Texts and musical styles from West Africa, the Americas and Europe tell a sorrowful story of the Atlantic slave trade and all the suffering it caused.
The Emancipation Oratorio, composed by Glenn McClure and commissioned by the Rochester Oratorio Society, will help Chautauqua Institution celebrate the 150th anniversary of the Emancipation Proclamation at Sunday’s 8 p.m. Sacred Song Service in the Amphitheater.
“It’s a 2,000-year-old story that’s still being written,” said Jared Jacobsen, organist and coordinator of worship and sacred music.
The service will feature soprano and baritone soloists, African drums and McClure on the hammered dulcimer.
A poem embedded in the walls of the Elmina Slave Castle in Ghana weaves the piece together:
“In everlasting memory of the anguish of our ancestors,/ May those who died rest in peace./ May those who return find their roots,/ May humanity never again perpetrate such injustice against humanity./ We the living vow to uphold this.”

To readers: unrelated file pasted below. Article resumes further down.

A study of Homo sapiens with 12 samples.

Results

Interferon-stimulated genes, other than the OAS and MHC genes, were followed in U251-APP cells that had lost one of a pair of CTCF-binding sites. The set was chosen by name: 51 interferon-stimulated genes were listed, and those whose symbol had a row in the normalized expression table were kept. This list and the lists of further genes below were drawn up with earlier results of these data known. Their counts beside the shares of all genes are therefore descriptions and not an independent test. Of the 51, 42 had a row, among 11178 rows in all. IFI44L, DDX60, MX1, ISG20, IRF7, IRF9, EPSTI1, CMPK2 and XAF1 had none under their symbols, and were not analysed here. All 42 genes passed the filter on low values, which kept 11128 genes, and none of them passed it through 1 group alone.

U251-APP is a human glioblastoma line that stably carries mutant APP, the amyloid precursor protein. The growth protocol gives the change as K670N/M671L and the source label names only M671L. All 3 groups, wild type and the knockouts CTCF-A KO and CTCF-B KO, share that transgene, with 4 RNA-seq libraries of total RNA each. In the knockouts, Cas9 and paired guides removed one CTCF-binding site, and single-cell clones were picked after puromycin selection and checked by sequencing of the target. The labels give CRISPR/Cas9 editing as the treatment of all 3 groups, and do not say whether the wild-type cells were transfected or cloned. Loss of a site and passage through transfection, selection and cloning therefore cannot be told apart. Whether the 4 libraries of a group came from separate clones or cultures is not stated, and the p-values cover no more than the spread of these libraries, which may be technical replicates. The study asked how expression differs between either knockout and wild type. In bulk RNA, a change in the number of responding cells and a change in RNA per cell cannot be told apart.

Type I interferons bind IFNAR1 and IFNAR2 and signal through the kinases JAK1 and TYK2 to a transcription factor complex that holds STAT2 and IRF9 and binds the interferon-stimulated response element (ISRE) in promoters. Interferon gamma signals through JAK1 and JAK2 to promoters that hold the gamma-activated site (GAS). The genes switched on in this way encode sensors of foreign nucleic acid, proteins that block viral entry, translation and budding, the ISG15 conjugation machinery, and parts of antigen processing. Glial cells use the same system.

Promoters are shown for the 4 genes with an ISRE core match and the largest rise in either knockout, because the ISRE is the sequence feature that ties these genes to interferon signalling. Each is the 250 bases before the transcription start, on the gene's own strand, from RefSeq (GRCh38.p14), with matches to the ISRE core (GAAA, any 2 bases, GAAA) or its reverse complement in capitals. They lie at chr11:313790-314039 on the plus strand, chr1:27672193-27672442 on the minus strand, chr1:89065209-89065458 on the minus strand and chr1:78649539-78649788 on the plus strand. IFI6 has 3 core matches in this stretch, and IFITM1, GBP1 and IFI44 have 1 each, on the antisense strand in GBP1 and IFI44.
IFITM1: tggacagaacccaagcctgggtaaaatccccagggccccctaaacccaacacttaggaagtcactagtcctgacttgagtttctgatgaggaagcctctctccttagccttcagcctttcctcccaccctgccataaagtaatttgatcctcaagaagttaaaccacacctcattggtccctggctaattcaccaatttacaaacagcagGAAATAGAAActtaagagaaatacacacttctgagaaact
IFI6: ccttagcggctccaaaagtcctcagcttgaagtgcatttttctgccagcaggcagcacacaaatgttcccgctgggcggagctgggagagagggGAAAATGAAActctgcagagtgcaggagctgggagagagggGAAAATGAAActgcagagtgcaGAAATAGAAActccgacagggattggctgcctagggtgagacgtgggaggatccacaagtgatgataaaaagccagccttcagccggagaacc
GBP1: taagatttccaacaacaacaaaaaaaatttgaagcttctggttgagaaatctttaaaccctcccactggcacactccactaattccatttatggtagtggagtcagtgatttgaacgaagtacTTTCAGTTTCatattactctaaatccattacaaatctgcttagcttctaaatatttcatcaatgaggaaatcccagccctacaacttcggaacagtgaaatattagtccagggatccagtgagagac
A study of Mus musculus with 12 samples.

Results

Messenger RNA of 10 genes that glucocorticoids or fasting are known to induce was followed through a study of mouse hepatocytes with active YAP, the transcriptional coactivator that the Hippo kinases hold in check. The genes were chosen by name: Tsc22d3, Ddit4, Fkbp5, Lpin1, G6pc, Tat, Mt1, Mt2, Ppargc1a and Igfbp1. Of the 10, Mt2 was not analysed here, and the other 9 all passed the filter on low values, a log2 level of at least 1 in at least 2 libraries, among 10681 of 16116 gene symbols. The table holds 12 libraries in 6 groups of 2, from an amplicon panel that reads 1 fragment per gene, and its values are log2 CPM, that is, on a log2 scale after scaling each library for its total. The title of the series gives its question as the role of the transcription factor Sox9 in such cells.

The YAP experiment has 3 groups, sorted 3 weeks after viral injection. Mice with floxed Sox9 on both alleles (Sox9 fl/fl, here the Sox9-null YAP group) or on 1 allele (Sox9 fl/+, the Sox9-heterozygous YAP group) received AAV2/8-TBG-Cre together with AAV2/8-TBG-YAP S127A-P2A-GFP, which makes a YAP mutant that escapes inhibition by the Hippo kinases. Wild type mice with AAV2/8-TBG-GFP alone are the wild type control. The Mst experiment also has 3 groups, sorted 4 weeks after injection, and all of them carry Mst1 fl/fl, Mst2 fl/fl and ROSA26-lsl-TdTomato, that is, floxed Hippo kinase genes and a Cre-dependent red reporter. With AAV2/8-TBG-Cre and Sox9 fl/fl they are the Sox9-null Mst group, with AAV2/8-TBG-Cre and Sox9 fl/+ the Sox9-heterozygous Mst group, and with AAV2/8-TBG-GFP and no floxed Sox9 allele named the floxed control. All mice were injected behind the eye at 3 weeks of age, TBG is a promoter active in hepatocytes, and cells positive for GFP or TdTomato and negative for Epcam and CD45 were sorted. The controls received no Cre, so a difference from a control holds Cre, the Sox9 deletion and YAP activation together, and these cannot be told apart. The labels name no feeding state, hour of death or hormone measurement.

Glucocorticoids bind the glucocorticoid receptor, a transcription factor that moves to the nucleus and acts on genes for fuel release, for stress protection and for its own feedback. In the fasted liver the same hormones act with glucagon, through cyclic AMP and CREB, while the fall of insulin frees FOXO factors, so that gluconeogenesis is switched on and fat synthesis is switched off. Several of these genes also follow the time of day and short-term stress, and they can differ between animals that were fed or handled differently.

McClure composed nine short acts which were inspired by slave castle, to Biblical psalms and Frederick Douglass, among other sources.
“It’s still not over,” Jacobsen said. “We’re still fighting a lot of these battles.”
Jacobsen added other pieces to the service’s lineup to instill the feel of music from 1863, the year the Emancipation Proclamation went into effect.
All should recognize one hymn — “The Star-Spangled Banner,” arranged in this instance by Michael Huff.
“I have a great arrangement that uses the other two verses [of the song] that really speak to the core of what it is to strive to the ideals that America has stood for,” Jacobsen said.
Other songs arranged by Huff will include “America the Beautiful” and “My Country, ’Tis of Thee.”
Jacobsen will also feature the spirituals “Ride on, King Jesus” by Robert Fountain and “Beautiful City” by Andre Thomas to capture the feeling of the Civil War era.
“I’m hoping that the music will help people get close to this issue in a way that they can talk to each other,” he said. “Because that’s the most important thing.’